From Texas Public Radio:
Everything in Rebekah Ozuna’s classroom is designed for the little bodies and fast-firing neurons of 3- and 4-year-olds.
Tiny chairs. A carpet for story time. Colorful bins full of blocks and toys. Even the windows are low to the ground so her students can see outside.
Ozuna teaches in an inclusive special education setting at Knox Early Childhood Education Center on San Antonio’s South Side. Half of her students have disabilities; half don’t.
Two years ago, one of her students, Naomi Campos, made the teacher take a closer look at her priorities. She realized that sometimes the way she taught didn’t fit her students, as well as her classroom, does.
Ozuna had been teaching special education for six years when three-year-old Naomi came zooming into her classroom at a Meet the Teacher event and started pulling books and toys off shelves.
“She just came right in full force,” says Ozuna with a laugh. “Mom was a bit emotional — crying, trying to fill out paperwork, and Dad’s patting her on the back going, ‘It’s okay. Everything’s fine.’ And Naomi’s like tearing up the room.”
Naomi’s mom, Rebecca Campos, remembers Ozuna reassuring her that her nonverbal, strong-willed daughter would adjust to school.
“My husband and I were so worried that she was either going to stay where she was: Barely saying one, two, three; barely saying A, B, C … or continue to move back, or not even want to try, or just shut down,” Campos says.
Naomi was developmentally delayed by two years, and even further behind in speech. She was three, but Campos says she spoke like an eight- or nine-month-old.
The first few weeks of school were a struggle for Naomi. She didn’t want to leave her mom’s side, and often threw herself on the floor when she arrived.
“The very beginning, it was a lot of yelling. A lot of, like, stomping the feet and maybe slamming the hands on the lap,” Ozuna says. “We’d walk over to her, and it would be like, ‘teacher, teacher, no.’ … Again, very bold to say, ‘No.’”
Ozuna says that happened pretty much every day for the first two months. Nothing the teacher said or did made a difference.
“I could easily write those things down and say, ‘She needs a more restrictive environment. She’s throwing blocks in class. She’s going to hurt somebody.’ And I didn’t want to do that,” Ozuna says.
Then, the time came for first quarter report cards. The results were discouraging.
“I looked at where she was, pacing wise, within her own goals and objectives, and she wasn’t there. Some of the items for doing shapes and letters and counting, they just — they weren’t there,” the teacher says.
Ozuna realized that if she didn’t find a way to reach Naomi, the three-year-old would continue to speak and act like a one-year-old.
Naomi wasn’t learning because she wouldn’t participate in class, but harping on her to change her behavior did nothing. So Ozuna went back to the drawing board.
“I started to change my [way of] thinking [from] making sure that she’s in compliance with everything that we do in the day to: ‘Am I meeting her needs with a child with a disability?’ ” Ozuna says. “‘Am I going off of her abilities in our classroom? Am I using her strengths in our classroom?’”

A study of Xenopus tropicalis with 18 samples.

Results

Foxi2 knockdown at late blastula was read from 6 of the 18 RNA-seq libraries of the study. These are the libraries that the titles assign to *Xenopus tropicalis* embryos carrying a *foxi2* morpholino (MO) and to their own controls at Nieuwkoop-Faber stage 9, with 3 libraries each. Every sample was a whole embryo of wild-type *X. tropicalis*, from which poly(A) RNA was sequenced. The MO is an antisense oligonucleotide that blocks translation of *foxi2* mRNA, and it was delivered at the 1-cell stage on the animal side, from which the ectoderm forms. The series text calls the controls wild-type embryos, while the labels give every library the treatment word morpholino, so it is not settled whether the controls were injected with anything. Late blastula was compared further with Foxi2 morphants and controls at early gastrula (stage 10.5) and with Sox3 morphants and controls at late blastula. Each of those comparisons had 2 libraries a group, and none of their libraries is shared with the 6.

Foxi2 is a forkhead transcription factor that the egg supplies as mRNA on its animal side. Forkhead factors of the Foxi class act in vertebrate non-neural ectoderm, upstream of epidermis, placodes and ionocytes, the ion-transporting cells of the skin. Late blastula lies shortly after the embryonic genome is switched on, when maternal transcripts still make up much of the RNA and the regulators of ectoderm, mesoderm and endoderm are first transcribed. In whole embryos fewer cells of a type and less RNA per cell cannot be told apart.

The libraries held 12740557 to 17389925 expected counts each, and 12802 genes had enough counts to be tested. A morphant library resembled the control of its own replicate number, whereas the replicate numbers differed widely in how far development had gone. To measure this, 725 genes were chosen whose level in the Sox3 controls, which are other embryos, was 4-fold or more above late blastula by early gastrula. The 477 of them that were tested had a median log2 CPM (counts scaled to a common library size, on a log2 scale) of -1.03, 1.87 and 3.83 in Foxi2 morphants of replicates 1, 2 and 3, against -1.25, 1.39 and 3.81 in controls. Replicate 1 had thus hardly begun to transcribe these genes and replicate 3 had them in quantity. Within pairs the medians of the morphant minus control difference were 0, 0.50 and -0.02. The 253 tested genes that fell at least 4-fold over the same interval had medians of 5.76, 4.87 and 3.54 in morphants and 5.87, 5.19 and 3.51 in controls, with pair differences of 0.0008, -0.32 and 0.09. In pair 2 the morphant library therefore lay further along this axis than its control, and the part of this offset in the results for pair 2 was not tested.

Naomi likes to take charge, so Ozuna started giving her opportunities to be a leader, like being at the front of the line to guide students to activities.
“It was an easy transition for [Naomi] in terms of: ‘Oh finally, now she’s going to listen to me. … And: ‘I’ve been trying to show them the whole time that I could do this stuff,’” Ozuna says. “It kind of just threw her through a loop that we were a little more accepting of different things she was doing.”
Naomi likes to be active, so during story time, Ozuna had the three-year-old help tell the story by acting it out.
“I saw her go from like hiding in the classroom or saying she had to go to the bathroom just to escape it, to being included,” Ozuna says. “If you think about children who are like completely nonverbal and don’t have a lot of language, and they’ve never been able to make connections and share that kind of stuff, getting to share that kind of success with mom and dad was huge for us.”
By the end of her first year in pre-K, Naomi’s mom says her daughter was excited to go to school.
“She popped up like a rocket. They saw what things interested her, and they used that to get to her little brain,” Campos says.
By the end of her second year in pre-K, Naomi had almost caught up to where a five-year-old is expected to be developmentally. She was speaking, singing, counting and speaking in full sentences.
Looking back on it now, Ozuna says sometimes she thinks about what would have happened if she hadn’t been able to reach Naomi. The preschooler would have ended up two, three, four years behind her peers. And that would have set the bar lower for the rest of her academic career.
“I feel like she came a long way,” Ozuna says.
Campos says Naomi sees a behavioral therapist and still has a slight speech delay, but the school decided she was ready for a general kindergarten classroom instead of a special education class.
Even though Naomi has a different teacher this year, she and her mom are still close with Ozuna. A picture of Naomi’s preschool class hangs on the wall by the kitchen table, and kindergartener likes to point out her former teacher.
Her mom says she had a bit of a rough start at school again this year, but whenever she starts to worry she texts Ozuna and she’s reminded how far Naomi has come.
This story was produced in partnership with the Teacher Project at the Columbia Journalism School.